U.S. Open Professional Skating Championships
Tuesday May 23 at 7:00pm at the Ford Ice Center
Open to the public; admission is FREE
Transportation will be provided for conference attendees from the Franklin Marriott Cool Springs to Ford Ice Center
Announcement U.S. Open Program Advertising
U.S. Open Sponsorship Chart
Online Registration - Is Open
Deadline: March 1, 2017
Venue: Ford Ice Center
5264 Hickory Hollow Place
Antioch, TN 37013
Presented by the Professional Skaters Association, the 2017 U.S. Open Professional Figure Skating Championships will feature one event comprised of men’s, ladies, pairs, dance, and group. This competition will be judged based on skaters' “total performance” with an eye to costuming, presentation, music selection, choreography, style, and technique.
The competition is open to all performing and teaching professionals who are U.S. citizens or are permanent residents. The scoring will use a 10 point scale with open judging and live judging comments after each program. Medals will be presented to the top four skaters along with cash prizes.
A HISTORY OF THE U.S. OPEN CHAMPIONSHIPS
The U.S. Open Professional Figure Skating Championships was sponsored by the Professional Skaters Guild of America, the precursor of the PSA. The first event was held in Philadelphia, PA, February 21-22, 1981 and featured some of the top skaters of the time—reigning World Professional Champion Scott Cramer, Stacey Smith & John Summers, and Sheryl Franks & Michael Botticelli. The top three finishers represented the U.S. at the World Professional Championships in Jaca, Spain.
The U.S. Open Professional Figure Skating Championships was first shown on ESPN in 1988 and continued on until 1995 on CBS, USA, and TBS. In 1995 when the ISU introduced the ISU Champions Series—which would later change its name to the Grand Prix of Figure Skating—it was a severe blow to the long established pro competitions like the U.S. Open, the World Professional Ice Skating Championships, and a popular skating event from Candid Productions, The World Professional Championships. Around the millennium, Nielsen ratings for professional skating competitions were declining and the TV networks were shifting towards a time-buy model. Prior to this model being introduced, producers would shop the rights to their programs with most production expenses being picked up by the network. There was little risk for the producers as they got paid whether the network could sell the advertising or not. With the time-buy model, the producers would purchase the air time, pay for the production, and sell the ad space; they assumed all the risk and made less revenue.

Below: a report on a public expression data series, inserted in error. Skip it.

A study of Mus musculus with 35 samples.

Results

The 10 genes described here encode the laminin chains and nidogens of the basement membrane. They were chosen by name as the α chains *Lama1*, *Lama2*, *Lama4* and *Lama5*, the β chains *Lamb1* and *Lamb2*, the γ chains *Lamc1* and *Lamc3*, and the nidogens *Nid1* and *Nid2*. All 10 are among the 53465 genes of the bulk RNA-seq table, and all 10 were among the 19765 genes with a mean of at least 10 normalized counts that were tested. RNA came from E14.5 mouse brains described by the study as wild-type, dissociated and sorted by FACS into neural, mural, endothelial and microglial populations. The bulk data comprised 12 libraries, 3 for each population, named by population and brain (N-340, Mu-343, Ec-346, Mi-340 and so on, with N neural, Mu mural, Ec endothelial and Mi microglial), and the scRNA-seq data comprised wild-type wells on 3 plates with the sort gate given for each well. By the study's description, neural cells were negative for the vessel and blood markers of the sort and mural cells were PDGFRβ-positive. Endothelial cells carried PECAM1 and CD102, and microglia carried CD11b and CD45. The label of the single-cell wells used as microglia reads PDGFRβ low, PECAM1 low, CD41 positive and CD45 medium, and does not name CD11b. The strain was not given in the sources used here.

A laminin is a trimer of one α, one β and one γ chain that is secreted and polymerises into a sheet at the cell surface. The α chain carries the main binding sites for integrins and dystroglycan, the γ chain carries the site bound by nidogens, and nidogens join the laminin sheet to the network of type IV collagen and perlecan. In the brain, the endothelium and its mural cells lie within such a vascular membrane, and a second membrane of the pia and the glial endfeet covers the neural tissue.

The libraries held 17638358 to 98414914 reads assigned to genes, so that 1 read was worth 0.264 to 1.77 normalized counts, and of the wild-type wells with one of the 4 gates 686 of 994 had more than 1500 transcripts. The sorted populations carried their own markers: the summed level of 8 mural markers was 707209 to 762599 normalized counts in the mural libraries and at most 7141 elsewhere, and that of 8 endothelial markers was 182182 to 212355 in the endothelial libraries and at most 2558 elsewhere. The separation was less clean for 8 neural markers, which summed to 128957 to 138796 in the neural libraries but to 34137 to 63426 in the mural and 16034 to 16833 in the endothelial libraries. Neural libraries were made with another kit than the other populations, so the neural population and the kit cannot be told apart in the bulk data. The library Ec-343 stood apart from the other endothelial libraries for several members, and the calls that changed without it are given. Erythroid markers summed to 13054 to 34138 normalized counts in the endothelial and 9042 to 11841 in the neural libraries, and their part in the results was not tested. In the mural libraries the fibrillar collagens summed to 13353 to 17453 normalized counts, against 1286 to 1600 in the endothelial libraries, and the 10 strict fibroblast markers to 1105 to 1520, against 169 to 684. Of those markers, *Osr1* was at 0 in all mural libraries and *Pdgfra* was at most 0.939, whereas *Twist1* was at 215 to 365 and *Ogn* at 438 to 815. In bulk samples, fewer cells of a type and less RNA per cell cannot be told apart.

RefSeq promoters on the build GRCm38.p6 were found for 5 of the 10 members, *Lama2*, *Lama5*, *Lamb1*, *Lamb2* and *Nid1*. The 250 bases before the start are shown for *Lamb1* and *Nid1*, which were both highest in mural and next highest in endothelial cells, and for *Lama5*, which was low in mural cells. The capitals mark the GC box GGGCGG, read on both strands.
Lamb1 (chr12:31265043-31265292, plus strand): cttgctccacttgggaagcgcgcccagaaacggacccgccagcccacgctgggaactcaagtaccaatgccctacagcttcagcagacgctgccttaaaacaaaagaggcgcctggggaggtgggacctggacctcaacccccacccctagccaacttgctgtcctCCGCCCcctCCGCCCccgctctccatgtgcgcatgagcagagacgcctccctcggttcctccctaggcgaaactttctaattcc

The U.S. Open did not have a television contract in 1996 but with their partner, Sports Marketing Marque Group, was broadcast on UPN in 1997 and the last U.S. Open on NBC in 1998.
All proceeds for the US Open will go to the PS Foundation
The Foundation is tax exempt under Section 501(c)(3) of the Internal Revenue Code and you may claim that you did not receive any goods or services in consideration, in whole or part, for your contribution
Registration Deadline: March 15, 2017
Monday May 22 8:00am-9:00pm
Tuesday May 23 7:00am-3:00pm
A Master Rated Coach Reception will be held by invitation only to those who passed a master rating in the past year.